Tuesday, September 06, 2011

First day at Alt-C 2011 - Opening keynote

This year, the Alt-C conference is held at the University of Leeds, and its theme is "Thriving in a colder and more challenging climate", referring to the economic cutbacks in (higher) education throughout the UK, Europe and the rest of the world. As a member of the Programma Committee Executive, I've been involved in the review and editing process, and it's been a very good experience sofar.

Opening & keynote
The conference was opened by the mayor of Leeds, a reverent adorned with an impressive official chain, who referred to the multi-cultural character of Leeds as the third biggest city in the UK. Then, the conference co-chair John Cook introduced the keynote speaker Miguel Brechner, the project leader of the Uruguayan One-Laptop-per-Child project Ceibal. He held a very inspirational talk about the project in which all Uruguayan children in the state school system (some 450.000 kids in primary and secondary education) were given a laptop that is connected to the Internet (99%) both in school and at home. This video he showed, gives a good impression of the project. Others - such as the ever productive Steve Wheeler - have blogged about this session. My major lesson from the session was:
  1. This kind of project is not about ICT or infrastructure, it is about social change, about teacher training, about social support mechanisms, about political will and endurance.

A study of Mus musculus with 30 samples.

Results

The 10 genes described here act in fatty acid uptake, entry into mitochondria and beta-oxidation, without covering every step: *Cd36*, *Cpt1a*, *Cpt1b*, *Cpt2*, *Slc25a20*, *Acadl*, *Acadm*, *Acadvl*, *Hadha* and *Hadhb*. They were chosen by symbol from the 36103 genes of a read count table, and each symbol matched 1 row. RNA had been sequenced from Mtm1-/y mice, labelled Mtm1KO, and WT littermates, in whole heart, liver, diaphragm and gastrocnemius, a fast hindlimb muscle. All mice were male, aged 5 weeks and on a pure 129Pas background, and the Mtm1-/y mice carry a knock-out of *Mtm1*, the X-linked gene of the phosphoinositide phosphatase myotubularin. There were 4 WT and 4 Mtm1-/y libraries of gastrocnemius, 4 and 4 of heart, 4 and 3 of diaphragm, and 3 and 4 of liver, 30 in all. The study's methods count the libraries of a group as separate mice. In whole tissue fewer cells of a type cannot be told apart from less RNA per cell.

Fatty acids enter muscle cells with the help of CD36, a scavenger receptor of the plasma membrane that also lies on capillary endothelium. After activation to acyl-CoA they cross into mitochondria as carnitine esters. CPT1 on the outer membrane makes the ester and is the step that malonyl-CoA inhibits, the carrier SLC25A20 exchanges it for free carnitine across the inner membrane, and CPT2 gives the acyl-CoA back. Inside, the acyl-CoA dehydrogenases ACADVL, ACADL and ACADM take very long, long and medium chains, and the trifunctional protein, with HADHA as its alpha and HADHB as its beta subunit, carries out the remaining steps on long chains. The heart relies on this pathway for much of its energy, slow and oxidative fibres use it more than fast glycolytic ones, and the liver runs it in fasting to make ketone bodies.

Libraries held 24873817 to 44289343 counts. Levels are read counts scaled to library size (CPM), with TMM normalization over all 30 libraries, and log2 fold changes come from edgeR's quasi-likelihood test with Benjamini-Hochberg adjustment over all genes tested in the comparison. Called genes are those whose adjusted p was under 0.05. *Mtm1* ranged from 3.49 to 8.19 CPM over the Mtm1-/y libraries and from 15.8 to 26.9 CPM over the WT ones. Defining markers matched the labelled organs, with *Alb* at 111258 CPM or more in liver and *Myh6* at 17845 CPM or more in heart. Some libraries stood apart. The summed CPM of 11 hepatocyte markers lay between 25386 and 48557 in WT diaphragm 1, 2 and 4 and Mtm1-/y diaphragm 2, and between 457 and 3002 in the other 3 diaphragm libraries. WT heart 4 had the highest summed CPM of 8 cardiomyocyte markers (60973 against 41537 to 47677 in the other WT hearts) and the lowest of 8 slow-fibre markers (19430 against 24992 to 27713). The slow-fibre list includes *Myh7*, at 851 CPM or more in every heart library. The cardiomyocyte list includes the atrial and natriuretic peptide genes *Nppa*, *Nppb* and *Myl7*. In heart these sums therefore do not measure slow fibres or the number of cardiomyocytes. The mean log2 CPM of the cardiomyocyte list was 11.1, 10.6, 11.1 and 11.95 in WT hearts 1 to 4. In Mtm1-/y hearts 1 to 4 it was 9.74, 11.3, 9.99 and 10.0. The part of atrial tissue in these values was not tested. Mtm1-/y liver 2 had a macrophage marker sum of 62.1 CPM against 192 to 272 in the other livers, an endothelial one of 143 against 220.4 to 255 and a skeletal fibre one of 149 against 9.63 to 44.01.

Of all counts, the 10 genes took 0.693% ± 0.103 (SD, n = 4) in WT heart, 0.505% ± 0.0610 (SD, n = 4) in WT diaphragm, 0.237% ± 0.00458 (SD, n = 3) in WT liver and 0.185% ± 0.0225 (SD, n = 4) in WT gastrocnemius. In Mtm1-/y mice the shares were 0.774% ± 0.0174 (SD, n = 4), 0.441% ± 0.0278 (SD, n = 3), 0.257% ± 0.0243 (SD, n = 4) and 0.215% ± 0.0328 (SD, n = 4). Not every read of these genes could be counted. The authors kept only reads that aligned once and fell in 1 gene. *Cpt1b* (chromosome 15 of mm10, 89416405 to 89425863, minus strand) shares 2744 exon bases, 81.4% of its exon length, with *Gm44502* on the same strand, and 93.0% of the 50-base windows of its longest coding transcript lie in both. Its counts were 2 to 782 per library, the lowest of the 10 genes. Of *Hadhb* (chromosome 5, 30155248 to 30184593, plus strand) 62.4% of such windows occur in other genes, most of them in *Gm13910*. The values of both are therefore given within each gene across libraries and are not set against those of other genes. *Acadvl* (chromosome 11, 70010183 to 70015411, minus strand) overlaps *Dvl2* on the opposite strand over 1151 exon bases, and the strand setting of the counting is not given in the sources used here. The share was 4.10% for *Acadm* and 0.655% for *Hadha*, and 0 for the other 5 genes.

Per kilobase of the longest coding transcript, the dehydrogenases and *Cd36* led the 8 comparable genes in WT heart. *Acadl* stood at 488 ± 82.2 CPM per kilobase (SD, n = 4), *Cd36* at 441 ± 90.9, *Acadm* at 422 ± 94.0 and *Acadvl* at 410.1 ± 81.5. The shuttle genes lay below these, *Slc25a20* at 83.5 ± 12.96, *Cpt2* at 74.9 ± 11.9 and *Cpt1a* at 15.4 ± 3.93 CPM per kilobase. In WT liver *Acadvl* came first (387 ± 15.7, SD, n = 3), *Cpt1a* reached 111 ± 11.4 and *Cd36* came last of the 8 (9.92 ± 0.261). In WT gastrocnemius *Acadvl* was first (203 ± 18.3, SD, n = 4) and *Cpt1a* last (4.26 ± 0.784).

2. Access to Internet is fast becoming the major factor in education. As Brechner forcefully stated: "The Ceibal project transformed access to computers and broadband Internet from a privilege to a basic human right.
  3. What can we learn from this, and why can't we offer the same broadband coverage in our part of the world? Some UK colleagues asked a question during the session, about how they could help the people in Uruguay to further this project. Somehow this question felt wrong (as noted by others). It's more: what can we (in the 'civilized' developed countries) learn from this? One thing I feel is that it should not be left to commercial providers alone to get everyone 'connected'. Miguel even mentioned rural areas where the laptops and broadband arrived before electricity did!
  4. Access to Internet means access to social media. I and others wondered how the kids were using their access to Internet to get to social media. Interestingly Miguel asked: "What is social media?" He then said: "Well, they're all on Facebook", which left me wondering whether their use of Facebook is similar to the way my kids are using it.
All in all, a good start to a good day. More reflections coming up later.